Imagine being alone in a cabin, writing without being disturbed by anyone and without a cell phone or internet. The basics are there – plumbing, electricity and a land-line phone for emergencies. The cabin is as cozy warm as the ability to remember to stoke the old wood stove. Sitting in the comfiest recliner, laptop propped on the lap, flying fingers blurt out vivid scenes. You write, you sleep, you go for the occasional walk to clear your head or to work out a problem and then you begin again. Word count rises and spirit soars.
This was the greatest gift I ever gave myself – a whole month of writing, thinking and sleeping. Beyond the accomplishment of a story told, it transformed my understanding of what I need to be a writer.
We try to balance our writing life with our everyday lives which includes work, family, friends and fun in our marvelous technological society. These things are important yet equally important is the need for time to think, create and write. So we plan and eek out snippets of writing time – an hour here, an hour there, a workshop here and a two day retreat there – and we write. Yet, as important as those snippets of time are, they are not solitude for solitude is immersion without expectation of interruption or immediate cessation.
Solitude provides the luxury to explore, think and integrate. Sometimes it isn’t the word count that’s required but the ability to think, brainstorm and plot without distraction. The balance now is that I create opportunities for solitude (even if it’s half a day) and the results of being centered, free-flowing creativity and the calm from problems solved spill into those precious snippets of writing time.
On that month-long journey of solitude, I discovered that in order to achieve solitude I must walk down the path of desperate loneliness where there are no people, no events, no media – nothing exists but me and my thoughts. Junk-noise and junk-thought withdrawal can be a painful albeit rewarding experience. Now I make a conscientious effort to shut out the junk-noise and junk-thought. Yes, people aren’t happy when I don’t respond to texts or phone calls for hours but they aren’t writing my stories and the unplanned interactions dissolve the state of mind I need to be in.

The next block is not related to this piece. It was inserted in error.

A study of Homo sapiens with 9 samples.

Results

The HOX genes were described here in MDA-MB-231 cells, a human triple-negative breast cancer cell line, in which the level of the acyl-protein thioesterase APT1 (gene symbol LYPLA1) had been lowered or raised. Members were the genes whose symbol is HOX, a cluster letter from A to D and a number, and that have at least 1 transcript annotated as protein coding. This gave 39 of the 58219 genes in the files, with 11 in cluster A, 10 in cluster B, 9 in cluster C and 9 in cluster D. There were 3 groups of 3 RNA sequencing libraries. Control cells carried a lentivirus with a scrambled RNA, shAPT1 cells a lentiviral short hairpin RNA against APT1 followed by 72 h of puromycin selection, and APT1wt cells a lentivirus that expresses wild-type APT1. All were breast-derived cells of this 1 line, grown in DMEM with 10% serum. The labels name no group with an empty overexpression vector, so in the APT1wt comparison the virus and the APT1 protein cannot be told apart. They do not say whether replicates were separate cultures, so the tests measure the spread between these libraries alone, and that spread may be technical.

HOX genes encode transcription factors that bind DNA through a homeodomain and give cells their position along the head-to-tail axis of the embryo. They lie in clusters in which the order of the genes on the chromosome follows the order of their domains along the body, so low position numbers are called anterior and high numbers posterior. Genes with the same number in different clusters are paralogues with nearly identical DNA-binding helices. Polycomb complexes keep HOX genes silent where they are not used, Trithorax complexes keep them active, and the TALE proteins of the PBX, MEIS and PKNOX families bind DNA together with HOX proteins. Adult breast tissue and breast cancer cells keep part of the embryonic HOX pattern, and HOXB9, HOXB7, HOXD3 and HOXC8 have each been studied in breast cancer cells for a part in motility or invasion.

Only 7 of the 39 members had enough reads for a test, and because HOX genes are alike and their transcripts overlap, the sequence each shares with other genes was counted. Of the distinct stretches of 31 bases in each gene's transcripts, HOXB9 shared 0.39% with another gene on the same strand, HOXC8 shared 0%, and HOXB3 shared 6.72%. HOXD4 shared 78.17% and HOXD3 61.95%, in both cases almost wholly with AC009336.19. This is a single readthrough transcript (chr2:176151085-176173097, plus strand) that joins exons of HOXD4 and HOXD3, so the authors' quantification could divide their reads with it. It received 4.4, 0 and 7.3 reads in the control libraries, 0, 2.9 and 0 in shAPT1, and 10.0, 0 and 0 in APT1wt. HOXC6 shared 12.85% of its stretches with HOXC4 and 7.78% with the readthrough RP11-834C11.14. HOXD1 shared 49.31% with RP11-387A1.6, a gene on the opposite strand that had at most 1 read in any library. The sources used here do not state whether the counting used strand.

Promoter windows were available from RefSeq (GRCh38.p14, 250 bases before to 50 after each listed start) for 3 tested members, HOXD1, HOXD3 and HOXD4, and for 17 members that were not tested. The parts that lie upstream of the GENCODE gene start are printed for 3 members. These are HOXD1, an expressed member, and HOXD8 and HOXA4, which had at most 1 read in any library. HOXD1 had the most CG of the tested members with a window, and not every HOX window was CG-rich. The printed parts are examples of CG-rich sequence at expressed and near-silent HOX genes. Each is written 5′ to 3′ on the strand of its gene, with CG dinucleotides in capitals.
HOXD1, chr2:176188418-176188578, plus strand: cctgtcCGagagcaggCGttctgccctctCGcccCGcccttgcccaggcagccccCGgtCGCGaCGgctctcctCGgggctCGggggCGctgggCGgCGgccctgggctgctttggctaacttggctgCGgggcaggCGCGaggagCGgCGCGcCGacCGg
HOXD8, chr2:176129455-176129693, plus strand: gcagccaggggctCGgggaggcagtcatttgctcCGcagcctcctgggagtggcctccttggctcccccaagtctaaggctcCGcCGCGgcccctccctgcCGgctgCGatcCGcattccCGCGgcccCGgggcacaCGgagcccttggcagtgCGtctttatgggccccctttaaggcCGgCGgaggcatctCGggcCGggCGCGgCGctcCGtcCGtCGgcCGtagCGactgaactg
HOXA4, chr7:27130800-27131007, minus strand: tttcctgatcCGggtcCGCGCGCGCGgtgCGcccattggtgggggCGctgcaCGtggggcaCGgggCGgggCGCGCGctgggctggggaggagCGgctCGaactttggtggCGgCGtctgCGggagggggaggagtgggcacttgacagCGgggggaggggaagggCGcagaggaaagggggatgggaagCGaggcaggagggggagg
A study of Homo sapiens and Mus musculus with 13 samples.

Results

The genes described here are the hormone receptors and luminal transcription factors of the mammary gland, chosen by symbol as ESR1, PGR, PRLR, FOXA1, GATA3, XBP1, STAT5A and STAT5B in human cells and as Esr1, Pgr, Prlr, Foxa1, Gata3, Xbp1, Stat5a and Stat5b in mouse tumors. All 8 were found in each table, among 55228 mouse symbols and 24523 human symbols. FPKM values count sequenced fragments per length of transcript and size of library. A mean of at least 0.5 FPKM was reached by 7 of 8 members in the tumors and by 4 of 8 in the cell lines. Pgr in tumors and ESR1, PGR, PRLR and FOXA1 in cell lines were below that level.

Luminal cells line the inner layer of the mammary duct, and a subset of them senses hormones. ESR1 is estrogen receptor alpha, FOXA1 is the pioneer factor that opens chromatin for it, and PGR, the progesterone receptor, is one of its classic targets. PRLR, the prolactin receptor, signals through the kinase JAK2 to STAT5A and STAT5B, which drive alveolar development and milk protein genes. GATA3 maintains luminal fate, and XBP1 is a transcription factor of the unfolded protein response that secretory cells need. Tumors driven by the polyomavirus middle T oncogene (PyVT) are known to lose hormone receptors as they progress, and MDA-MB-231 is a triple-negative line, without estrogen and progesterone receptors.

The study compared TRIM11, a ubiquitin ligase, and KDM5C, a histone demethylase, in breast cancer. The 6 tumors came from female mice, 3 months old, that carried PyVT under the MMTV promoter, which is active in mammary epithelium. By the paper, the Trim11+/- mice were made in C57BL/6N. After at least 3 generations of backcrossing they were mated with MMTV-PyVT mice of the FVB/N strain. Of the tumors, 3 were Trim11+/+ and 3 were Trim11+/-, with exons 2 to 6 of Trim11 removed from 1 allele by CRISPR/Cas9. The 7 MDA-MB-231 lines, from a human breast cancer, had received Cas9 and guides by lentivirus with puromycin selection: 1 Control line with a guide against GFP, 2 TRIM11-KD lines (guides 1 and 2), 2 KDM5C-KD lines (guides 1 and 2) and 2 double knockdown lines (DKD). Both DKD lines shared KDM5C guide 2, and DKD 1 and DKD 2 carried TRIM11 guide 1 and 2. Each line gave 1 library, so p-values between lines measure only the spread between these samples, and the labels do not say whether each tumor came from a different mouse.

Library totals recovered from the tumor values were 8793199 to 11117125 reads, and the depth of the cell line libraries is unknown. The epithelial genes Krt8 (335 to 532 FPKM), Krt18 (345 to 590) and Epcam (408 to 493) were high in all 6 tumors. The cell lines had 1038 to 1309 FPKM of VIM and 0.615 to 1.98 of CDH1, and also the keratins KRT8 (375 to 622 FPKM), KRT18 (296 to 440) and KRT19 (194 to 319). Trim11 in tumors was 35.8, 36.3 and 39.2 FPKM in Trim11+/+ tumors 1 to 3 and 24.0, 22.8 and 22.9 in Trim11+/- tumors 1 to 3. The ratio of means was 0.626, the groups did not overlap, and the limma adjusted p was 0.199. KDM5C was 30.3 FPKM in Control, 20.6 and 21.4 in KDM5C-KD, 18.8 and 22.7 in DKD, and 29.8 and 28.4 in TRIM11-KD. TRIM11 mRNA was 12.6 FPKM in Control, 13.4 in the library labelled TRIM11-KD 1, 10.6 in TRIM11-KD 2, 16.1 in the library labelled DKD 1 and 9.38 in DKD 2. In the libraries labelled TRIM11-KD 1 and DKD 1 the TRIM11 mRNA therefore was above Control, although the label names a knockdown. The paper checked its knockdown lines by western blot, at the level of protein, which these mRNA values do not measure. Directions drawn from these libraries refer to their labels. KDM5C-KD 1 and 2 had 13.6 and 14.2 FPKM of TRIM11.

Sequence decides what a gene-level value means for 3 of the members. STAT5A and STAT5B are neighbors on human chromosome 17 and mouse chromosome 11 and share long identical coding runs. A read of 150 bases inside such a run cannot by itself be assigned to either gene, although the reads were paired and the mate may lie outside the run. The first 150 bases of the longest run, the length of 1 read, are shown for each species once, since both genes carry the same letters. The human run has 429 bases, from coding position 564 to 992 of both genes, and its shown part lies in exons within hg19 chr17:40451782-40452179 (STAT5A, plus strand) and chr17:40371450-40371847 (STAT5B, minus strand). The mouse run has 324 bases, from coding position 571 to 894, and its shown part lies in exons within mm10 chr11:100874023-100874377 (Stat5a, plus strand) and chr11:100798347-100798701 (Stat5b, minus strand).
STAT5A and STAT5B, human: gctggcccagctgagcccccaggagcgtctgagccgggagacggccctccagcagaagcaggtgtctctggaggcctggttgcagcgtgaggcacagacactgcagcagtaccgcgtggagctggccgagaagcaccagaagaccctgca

I never wrote so much so quickly and I never slept as much before! The experience made me aware how exhausting the creative process is. After writing for hours, I’d inhale some food and collapse into a stone-dead nine hour sleep and then do it all over again. So sometimes when I’m reluctant to write it’s because I know I don’t have the energy it takes to be fully engaged nor do I have the time to allow the grey cells to warm up to enough to integrate ideas before creating a coherent symphony of words. Now, I’m a little more forgiving of myself in those moments and I work hard to make sure the time and the energy I need are there.
Solitude allows the brain to become more sensitive to the emotional tenor of words, to the rhythms of not only speech but of story pacing – it’s the crescendo and denouement of action and reaction, heightened and relaxed emotion, the interaction of protagonist and antagonist, the prose of world building mingling with characters experiencing the dynamics of the world. Having an extended experience of the rhythm of words, images and scenes, and having done it long enough to integrate it, I go back into that state when I write. For me, it’s meditation through writing.
I always thought that solitude was the ideal writing state and had dreamed of being sequestered in a cabin writing forever. Not anymore. Surrounding ourselves with family and friends, experiencing life, those are the things that are fodder for our creative selves. We are creatures of the pack and loneliness in the extreme can as easily erode our ability to write as can the distractions. Balancing solitude and writing with family and friends – that’s what I need. I’ll take my month of solitude again and I’ll keep finding small blocks of it in the meantime. But, I’ll also cherish my time with family and friends for solitude works best when we have something to leave and go back to again!
I totally agree with you. My most productive week ever was a 4 day writing retreat in which I wrote over 50,000 words. We need to find quiet, undisturbed time on a regular basis to really connect with the stories and characters we’re building. Not sure if I’ll ever manage to get away for an entire month, but I now do try for at least one week each year.